Performing in Moscow with Pink Floyd was the absolute highlight for me. Traveling to Moscow in 1989 was a big deal. The country was still very new to Westerners and there was clearly a huge divide between the rich, the privileged and the poor. Our hotel had 3,000 rooms and although it’s no longer there, at the time it was the place where everyone stayed when visiting Moscow. There was nothing elegant about it and the technology (TV & radio) looked like something out of the 1950s, as did the cars.
Left: NICK MASON, DAVID GILMOUR, RICK WRIGHT- MOSCOW AIRPORT
Middle: DAVID GILMOUR, MARK BRICKMAN, SCOTT PAGE, DURGA, LORELEI - SHOW TICKET
Right: NICK MASON
I was told the government had spent so much money on the military, everything else suffered, including electronic technology available to the public. The most difficult thing for us was the water. There was no real filtration so when I drew a bath the first night there, it smelled rather foul. None of us bathed except with bottled water we had on our trucks, so by the time we got to Finland a few days later, we all ran for the showers. The Russian government even removed our visas when we left the country. I will never forget Durga and I leaving our change for an old woman bussing tables at a local burger joint. You would have thought she’d won the lottery. Back then people stood in bread lines. Meat was a precious community that most common people could not afford. People kept asking us for Levis to sell on the black market. The promoters hosted a special dinner for the band. It was an amazing cornucopia of gourmet delights including exquisite caviar, the finest vodka: the food seemed endless. It was hard to justify knowing the level of poverty existing out in the streets.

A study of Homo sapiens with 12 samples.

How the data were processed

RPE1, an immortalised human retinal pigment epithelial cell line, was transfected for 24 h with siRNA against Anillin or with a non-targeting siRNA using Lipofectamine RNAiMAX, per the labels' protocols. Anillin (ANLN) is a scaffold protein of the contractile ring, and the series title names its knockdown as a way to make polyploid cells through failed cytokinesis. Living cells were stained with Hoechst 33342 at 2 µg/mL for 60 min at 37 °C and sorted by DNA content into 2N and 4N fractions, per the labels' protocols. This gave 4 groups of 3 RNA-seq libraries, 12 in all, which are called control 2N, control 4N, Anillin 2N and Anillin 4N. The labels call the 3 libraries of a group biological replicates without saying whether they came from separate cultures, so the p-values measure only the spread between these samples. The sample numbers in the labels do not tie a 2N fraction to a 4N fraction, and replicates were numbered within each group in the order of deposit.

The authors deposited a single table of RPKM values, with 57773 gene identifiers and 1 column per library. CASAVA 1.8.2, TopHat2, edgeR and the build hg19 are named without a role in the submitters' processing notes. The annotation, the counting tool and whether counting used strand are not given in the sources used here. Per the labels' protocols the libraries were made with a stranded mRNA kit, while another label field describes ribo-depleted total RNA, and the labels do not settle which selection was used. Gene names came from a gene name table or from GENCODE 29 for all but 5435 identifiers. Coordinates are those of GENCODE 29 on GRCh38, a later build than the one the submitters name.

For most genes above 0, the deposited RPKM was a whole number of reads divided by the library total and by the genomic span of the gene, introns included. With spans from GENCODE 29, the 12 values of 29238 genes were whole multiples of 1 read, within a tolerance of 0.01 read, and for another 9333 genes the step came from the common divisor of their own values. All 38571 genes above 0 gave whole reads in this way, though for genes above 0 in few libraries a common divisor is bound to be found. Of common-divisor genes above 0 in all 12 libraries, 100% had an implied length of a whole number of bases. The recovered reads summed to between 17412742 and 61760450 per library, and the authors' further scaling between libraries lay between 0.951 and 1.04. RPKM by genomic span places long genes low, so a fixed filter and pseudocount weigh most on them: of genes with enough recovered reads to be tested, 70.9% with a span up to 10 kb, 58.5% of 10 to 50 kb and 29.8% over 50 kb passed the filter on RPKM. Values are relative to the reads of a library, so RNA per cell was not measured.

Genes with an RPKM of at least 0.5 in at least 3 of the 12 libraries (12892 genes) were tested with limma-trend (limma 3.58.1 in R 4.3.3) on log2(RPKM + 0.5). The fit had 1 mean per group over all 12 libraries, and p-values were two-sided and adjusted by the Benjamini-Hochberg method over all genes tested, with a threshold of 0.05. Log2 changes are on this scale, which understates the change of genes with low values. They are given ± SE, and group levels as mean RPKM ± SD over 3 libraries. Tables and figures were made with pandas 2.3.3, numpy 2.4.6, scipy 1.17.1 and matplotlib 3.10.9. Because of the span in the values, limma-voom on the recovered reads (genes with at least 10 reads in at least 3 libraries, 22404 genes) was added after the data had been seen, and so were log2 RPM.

PINK FLOYD IN MOSCOW - LORELEI MCBROOM, DURGA MCBROOM, RACHEL FURY
When I went back to Moscow with the Aussies in 2013, it was completely different. Everything was far more modern, including the plumbing . The hardest thing about playing Moscow is the class divide. I’d been back with Rod Stewart in 2010 and I observed the same thing. The wealthy got all the good seats. The promoters charged so much for tickets, the common punters had to sit in the back of the arena. At the Aussie Floyd shows we played Moscow and St Petersburg. The crowds at the back of the room were so excited and I wished the Aussies had the clout to do what Pink Floyd had done. They forced the promoters to let “the little people” come to the front of the room during the second half of the show. It brought us to tears to feel the energy of their joy! The hats we wore in the famous photo above (seen in Nick Mason’s book “Inside Out - A Personal History of Pink Floyd”) were tossed to us by the police and military men in the crowd. They also threw money at us during the song “Money”. It was a remarkable experience. We all perform to make people happy and that we did! I knew we’d done the same for those who came to see the Aussies.
What was it like touring with Pink Floyd? Top drawer! We flew everywhere (with the exception of one bus trip in Italy), stayed in 5 star hotels and I never touched my bags except after they’d been delivered to my room. While in Italy, David Gilmour took Durga and I on his private plane which he piloted. They were absolutely lovely people and I loved everything about it, especially singing with my little sister Durga who made me so very proud! At that time I was a bit preoccupied with wanting to get another record deal, and I was far more shy than most of my band mates understood at that time. The guys were very outgoing and had a British wit I wasn’t really familiar with. Durga has always had a great sense of humor and got on very well with them all especially Guy and Rick. They all treated me with respect none the less. I got on especially well with Jon Carin and Gary Wallis. Rachel, Durga and I had a good rapport, thankfully. Backing singer drama can be a challenge, as I was to discover later in my career touring with the Rolling Stones and Rod Stewart.